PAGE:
Laxmi Anthony…

Memories are the most important part of our lives. On a bad day, the recollection of a good memory can make that day seem not so bad. It is very important to learn from everything you remember. It is important to live a life worth remembering though. When I say this I don’t really mean that one should not make mistakes. Risks have to be taken, because life is interesting only when you take a risk. Sometimes you succeed sometimes you don’t. When you don’t you learn something but when you do mostly you become a part of everyone’s memory.  I recollected an interesting memory of my life when I saw Laxmi Anthony yesterday waiting for her bus in Bangalore.

I remember Laxmi very clearly. I saw her for the first time in a hospital. She wore a grey and a white dress and a white cap. She was my nurse in a hospital in Bangalore where I had to undergo my first knee surgery. Laxmi must have been in her mid-50s. She wore a pair of glasses, which were less on her eyes and more on her nose. She always looked down at you. She was well-built and her hair was almost going white. She spoke good English and smiled very little.

On the first day in the hospital my doctor introduced ‘Sister Laxmi’ as the go to person for all my needs. I smiled at her, when he did. She just looked at me through her glasses settled on her nose and never smiled back. She was there  before I was taken to the surgery and while I was taken to it. The day after the surgery I was in a trance, that bloody anesthesia makes you so drowsy. I saw Laxmi and my dad frequently when I tried to open my eyes. It was a very blurry vision. The day after was much better. The anesthesia effect was gone and I felt like I was awake after a ten day sleep. As I woke up Laxmi told my dad to go out of the room. She announced it was time for my sponge bath.  She got luke warm water and a sponge. For a lady with such strong hands her touch was pretty soft. She was careful to not hurt my operated leg in anyway. She poured a lot of  nice smelling powder all over my body and gave me a fresh washed hospital robe to wear. God! I felt good.

Then she got me a bowl to brush my teeth and held it patiently till I brushed. She then wiped my face off with a napkin. Then came the bed pan. The bed pan is an extremely scary device. It is used for your morning rituals. She said, ” Ok, you cant walk and put any pressure on that leg so sit on this thing and do your thing.” I looked at her wide-eyed. There was no way I was shitting on my bed and worst still have her watch me while doing it. I told her I will limp on a leg and go to the bathroom. She first said, ” angadu pangadu bangadu” in Kannada and then put that bed pan right under my arse. I must have sat there for half an hour trying to get through my morning ritual, though nothing came out. After fifteen minutes, Laxmi lost her patience. “Push karo, how long will you take. Push karo.” I really pushed but nothing happened. After half an hour, she lost it. She took that bed pan off my backside. “angadu pangadu bangadu, I dont have all day. I have many more patients.” I started laughing at myself actually and at the whole bed pan experience. She again said, “anagadu panagadu bangadu” cleaned my backside and left. I realised “angadu pangadu bangadu” must be how cursing sounded in Kannada
.
Laxmi got me my meals everyday on exact times she told she would get them. Not a minute more, not a minute less. She waited till I finished all my meal every morsel on my plate. A patients food I really think is not cooked with  any love. It is so not tasty. I would complain to her and tell her I cant finish it. She would tell me, ” If you don’t eat you will get too weak. You have to eat I am not going anywhere till you eat.” During those meals I would try hard to start a conversation but she always answered back in a word or two. Laxmi would never smile, never ever. Not even when I cracked a joke. I lost confidence in my sense of humor in those four days with Laxmi. I didnt like Laxmi very much that was certain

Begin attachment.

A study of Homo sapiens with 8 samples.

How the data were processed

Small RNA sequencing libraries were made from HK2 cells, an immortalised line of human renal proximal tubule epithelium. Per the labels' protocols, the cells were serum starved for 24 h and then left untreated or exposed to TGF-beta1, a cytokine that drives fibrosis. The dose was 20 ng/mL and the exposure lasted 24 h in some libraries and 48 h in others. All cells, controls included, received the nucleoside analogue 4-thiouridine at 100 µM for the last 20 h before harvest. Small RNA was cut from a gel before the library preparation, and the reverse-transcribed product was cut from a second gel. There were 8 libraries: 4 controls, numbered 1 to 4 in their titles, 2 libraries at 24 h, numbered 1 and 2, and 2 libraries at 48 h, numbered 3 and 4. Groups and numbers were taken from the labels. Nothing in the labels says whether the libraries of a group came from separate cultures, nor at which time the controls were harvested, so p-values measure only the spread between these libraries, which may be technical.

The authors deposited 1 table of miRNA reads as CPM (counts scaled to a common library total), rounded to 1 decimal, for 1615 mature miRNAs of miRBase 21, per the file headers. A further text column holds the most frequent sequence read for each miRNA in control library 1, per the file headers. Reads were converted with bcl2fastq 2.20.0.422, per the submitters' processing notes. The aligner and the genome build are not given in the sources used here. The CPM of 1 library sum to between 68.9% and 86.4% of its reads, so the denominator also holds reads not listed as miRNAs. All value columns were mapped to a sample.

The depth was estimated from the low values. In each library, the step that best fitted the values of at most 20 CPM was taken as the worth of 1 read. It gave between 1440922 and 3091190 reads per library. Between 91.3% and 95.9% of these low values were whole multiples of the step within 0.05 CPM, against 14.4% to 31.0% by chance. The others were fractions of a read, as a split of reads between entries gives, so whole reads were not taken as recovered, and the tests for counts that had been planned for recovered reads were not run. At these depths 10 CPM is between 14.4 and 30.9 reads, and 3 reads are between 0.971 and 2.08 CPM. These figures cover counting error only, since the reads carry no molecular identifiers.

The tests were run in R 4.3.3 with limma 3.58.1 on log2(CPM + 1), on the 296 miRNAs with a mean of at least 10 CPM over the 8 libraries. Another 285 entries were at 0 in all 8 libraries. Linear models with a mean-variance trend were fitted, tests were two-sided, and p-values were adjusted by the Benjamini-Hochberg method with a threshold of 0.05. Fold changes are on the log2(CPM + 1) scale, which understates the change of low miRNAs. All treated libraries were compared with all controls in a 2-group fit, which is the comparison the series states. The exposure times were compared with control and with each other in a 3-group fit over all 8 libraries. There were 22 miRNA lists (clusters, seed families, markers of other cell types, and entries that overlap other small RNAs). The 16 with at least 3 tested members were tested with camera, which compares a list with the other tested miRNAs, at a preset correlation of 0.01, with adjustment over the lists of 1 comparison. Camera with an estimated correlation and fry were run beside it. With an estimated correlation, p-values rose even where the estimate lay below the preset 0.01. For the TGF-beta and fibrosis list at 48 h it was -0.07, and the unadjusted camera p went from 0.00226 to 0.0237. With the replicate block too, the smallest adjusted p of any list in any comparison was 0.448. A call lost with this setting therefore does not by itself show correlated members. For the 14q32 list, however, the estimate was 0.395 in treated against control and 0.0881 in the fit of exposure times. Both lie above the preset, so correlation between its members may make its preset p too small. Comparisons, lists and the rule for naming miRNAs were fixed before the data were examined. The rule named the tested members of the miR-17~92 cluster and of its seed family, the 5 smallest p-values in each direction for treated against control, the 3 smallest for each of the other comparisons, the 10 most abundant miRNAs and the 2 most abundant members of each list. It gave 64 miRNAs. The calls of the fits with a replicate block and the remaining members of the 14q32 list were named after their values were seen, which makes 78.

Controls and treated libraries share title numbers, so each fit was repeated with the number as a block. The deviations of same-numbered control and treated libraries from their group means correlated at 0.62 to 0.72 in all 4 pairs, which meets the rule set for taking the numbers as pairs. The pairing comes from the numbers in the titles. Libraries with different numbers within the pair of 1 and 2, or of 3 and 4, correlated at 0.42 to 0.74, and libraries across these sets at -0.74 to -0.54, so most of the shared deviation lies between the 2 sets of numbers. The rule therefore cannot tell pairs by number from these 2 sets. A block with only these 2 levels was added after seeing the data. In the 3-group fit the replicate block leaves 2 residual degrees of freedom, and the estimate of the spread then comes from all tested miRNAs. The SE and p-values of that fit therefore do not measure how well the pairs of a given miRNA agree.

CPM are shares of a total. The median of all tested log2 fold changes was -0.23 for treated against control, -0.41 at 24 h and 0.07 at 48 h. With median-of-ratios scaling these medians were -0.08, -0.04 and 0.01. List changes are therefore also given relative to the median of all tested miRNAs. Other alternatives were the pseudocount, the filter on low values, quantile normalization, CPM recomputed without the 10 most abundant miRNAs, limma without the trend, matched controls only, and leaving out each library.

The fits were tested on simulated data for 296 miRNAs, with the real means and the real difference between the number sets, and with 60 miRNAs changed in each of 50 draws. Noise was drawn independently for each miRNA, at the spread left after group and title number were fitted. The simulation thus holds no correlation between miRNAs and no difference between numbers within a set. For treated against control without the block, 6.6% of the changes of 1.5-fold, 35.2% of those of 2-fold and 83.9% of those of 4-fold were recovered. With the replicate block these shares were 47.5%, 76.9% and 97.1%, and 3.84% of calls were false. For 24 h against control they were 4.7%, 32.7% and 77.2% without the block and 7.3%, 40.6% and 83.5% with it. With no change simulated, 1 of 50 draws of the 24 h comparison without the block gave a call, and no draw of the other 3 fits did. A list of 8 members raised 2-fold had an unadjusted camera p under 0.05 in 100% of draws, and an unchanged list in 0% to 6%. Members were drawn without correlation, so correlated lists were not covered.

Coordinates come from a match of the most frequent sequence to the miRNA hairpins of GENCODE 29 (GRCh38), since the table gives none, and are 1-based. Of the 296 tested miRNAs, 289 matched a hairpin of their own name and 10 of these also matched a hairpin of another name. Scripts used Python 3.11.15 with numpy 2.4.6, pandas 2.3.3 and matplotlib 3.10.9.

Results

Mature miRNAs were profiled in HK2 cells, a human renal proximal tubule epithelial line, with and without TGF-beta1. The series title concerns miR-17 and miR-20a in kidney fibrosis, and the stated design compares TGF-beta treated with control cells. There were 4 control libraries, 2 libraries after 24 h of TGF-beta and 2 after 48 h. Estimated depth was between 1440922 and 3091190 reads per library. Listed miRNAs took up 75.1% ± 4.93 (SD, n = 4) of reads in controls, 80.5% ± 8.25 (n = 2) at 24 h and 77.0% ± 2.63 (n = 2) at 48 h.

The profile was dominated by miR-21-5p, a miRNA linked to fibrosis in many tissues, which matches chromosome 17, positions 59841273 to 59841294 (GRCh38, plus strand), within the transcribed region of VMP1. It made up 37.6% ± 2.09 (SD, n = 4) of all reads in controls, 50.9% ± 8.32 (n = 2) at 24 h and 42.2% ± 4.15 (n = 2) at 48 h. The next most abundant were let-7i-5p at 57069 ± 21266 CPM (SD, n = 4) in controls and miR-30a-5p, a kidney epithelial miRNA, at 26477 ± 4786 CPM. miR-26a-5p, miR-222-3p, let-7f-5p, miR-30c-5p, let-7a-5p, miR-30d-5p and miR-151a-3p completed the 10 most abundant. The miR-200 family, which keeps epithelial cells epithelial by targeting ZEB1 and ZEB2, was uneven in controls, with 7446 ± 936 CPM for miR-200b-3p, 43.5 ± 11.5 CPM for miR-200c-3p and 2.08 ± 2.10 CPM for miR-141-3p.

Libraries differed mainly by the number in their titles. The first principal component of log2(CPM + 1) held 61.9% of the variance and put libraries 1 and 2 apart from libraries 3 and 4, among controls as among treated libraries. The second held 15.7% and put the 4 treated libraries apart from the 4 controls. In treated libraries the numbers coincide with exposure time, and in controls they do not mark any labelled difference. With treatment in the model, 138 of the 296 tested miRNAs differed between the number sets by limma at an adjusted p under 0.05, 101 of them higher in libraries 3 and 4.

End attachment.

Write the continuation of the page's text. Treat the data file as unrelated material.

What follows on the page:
Laxmi didnt tell anyone about my stunt. After five days in that hospital it was time to go. Laxmi helped me with my clothes and put me on a wheel chair. I said thank you and smiled at her. She again did not smile back. She came with me and my father till the hospital exit pushing that wheel chair. On the exit my father offered her some money for doing everything she had done. She refused and said, patting on my head. ” Sir my commission is not the money just take care of your daughter. When she walks again, that will be my commission.” and then she SMILED. Laxmi Anthony finally smiled.

Being a nurse is such a tough job when I think of it. I guess Laxmi didnt smile much because may be she didn’t want to get attached to her patients. It was like a defense mechanism of her’s. If they have a relationship with every patient,it must be really hard to handle all the emotions. I mean really once you are out of that hospital you don’t think about the nurse who nursed you. A nurse has to feed you, bathe you, literally clean your shit, wipe your dirty arse and do this six days a week. They must be going through so many emotions everyday. They see the birth of a child, to a death of a patient. They serve a long suffering patient everyday with the same dedication but then, what happens when he dies? Do they mourn, is it easy to face death everyday? To see a young widow,a grieving mother. It seems like a tough profession to me. One of the toughest very easily.

When I approached Laxmi on the bus stop she was a little surprised. I tried to remind her but though she was cordial I was sure she didnt remember me. She pointed at her bus that was coming. She got on it and took the window seat and just while the bus started moving she waved her hand at me.  ” You are walking.”, she shouted. I nodded. Well! she had told me so!

To all the Laxmi Anthonys of the world, all I want to say is “Thank you. You guys are really special.”